The Ingush are a large tribe from what is now Ingushetia, closely related to the Chechens. Both groups have a warlike tradition and share a strong attachment to Islam. Their relationships with Russians are fraught: the Tsars finally conquered them in 1864, after a prolonged struggle, and Stalin tried to forcibly migrate them from the Caucasus. Currently the area is again strife-ridden, for many of the same old historical reasons.

1st and 2nd Ingush Horse Regiments

The Imperial Army formed an Ingush Regiment in the Savage Division, and we have assumed that the RCW units kept this basic uniform (admittedly without any great evidence).

Officer: Ingush Horse Regiment Trooper: Ingush Horse Regiment Trooper with bashlyk Junior NCO in field dress

The Ingush were not particularly rich, so their outfits were probably quite plain.

Uniform Details

Ingush pogoni Ingush bashlyk
Shoulderboard: Ingush private Dress bashlyk and officer's hat, light blue with white piping

Shoulderboards were light blue with a monogram of Ин (i.e. In). The bashlyk was the same colour, so we assume the hat tops must have been as well. Officer lace was silver, so cipher and rank markings were gold. Khaki shoulderboards were marked in light blue.

NB: we have deviated from page 46 of the WWI Osprey where is says the shoulderboards for the Ingush were red as the plate G3 shows an Ingush with light blue facings. The other tribes from the Terek seem to have been given blue (Karbadians, Chechens) while the tribes from the Kuban were given red (Circassians, Tatars). However there is some contradictory evidence, such as flag colours, which suggest the Ingush were in red.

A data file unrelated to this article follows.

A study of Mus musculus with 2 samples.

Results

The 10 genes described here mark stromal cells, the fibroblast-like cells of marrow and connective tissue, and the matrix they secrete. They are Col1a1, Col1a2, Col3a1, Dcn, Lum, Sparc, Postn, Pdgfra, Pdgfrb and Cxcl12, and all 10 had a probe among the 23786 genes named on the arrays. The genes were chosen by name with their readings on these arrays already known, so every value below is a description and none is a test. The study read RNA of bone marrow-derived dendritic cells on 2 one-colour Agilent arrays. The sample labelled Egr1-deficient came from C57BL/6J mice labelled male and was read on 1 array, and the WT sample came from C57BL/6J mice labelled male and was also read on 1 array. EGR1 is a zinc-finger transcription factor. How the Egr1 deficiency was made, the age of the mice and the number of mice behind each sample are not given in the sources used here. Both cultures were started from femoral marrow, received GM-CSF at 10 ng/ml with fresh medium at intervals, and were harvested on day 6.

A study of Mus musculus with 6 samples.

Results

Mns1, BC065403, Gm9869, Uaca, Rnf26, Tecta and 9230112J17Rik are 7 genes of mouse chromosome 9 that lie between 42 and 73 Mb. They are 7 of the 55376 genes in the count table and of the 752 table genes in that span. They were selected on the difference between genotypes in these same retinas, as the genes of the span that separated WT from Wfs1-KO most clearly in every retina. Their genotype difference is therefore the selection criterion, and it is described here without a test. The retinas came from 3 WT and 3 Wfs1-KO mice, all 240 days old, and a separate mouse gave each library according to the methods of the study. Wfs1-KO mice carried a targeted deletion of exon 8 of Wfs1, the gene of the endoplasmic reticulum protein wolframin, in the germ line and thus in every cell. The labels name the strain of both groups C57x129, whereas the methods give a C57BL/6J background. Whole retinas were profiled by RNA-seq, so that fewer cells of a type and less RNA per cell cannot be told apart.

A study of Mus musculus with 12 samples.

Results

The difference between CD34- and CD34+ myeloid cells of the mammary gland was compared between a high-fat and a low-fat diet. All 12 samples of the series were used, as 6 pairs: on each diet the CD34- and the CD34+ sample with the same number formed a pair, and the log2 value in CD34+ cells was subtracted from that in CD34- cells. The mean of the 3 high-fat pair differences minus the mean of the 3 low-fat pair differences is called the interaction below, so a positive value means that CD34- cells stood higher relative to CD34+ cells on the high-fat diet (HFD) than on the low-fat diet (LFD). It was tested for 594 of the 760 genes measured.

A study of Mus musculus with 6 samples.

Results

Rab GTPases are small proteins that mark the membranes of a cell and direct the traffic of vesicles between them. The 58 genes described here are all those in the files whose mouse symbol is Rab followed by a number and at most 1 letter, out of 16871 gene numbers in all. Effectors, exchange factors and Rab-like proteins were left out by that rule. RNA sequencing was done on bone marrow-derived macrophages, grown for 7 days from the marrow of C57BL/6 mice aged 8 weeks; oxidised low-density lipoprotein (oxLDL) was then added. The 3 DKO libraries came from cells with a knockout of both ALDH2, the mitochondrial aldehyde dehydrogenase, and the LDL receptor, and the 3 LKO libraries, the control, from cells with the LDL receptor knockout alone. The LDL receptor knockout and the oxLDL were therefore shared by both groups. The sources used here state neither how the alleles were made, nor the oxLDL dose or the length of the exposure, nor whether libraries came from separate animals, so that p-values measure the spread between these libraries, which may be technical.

History in the RCW (and Beyond)

The Savage Division of WWI contained an Ingush Regiment, but it appears to have dissolved and returned home in early 1918.

During the first stages of the Civil War Ingushetia was the scene of particularly heavy fighting as the mountaineers fought the Terek Cossacks, destroying several stanitsas. They alternated between working with and opposing the local Soviets, but they had no love of Communism. The Volunteer Army then conquered the area, after several battles with the Ingush, but trouble flared several times as the Ingush and Chechens were never properly pacified.

Despite this a few Ingush turned out in the White Army. They formed a brigade of the AFSR's Combined Horse Mountain Division in September 1919. It wasn't very large, since the Volunteer Army was considered an enemy by most Ingush. We have numbers for October 1919:

1st Ingush Horse Regiment – 80 sabres
2nd Ingush Horse Regiment – 61 sabres, 3 MGs

These units would have broken up in mid-1920.

There was a major uprising of Chechens and Ingush in 1926 against the Soviets.

Similar Units

Amusingly, the light blue scheme is basically identical to the Terek Cossacks, their fierce enemy.


The WWI Ingush Regiment had had been awarded a Nikolai (in the non-Christian variant without the slogan and the icon) but it was never delivered.

The modern flag of Ingushetia is this:

The theme of green stripes on white seems to have been popular at the time in the area.

The independence minded opponents of the Whites and Reds would have flown Islamic flags, probably including that of the Emirate of the North Caucasus.


For the history of Ingushetia in the RCW:

Revolution and Civil War in the North Caucasus – End of the 19th-Beginning of the 20th Century, by Vassan-Giray Jabagi in Central Asian Survey Vol 10, 1991. The author is an Ingush, and the article concentrates on the Ingush from 1918 to 1920.


We have collected various period photos of mountaineers on a separate page.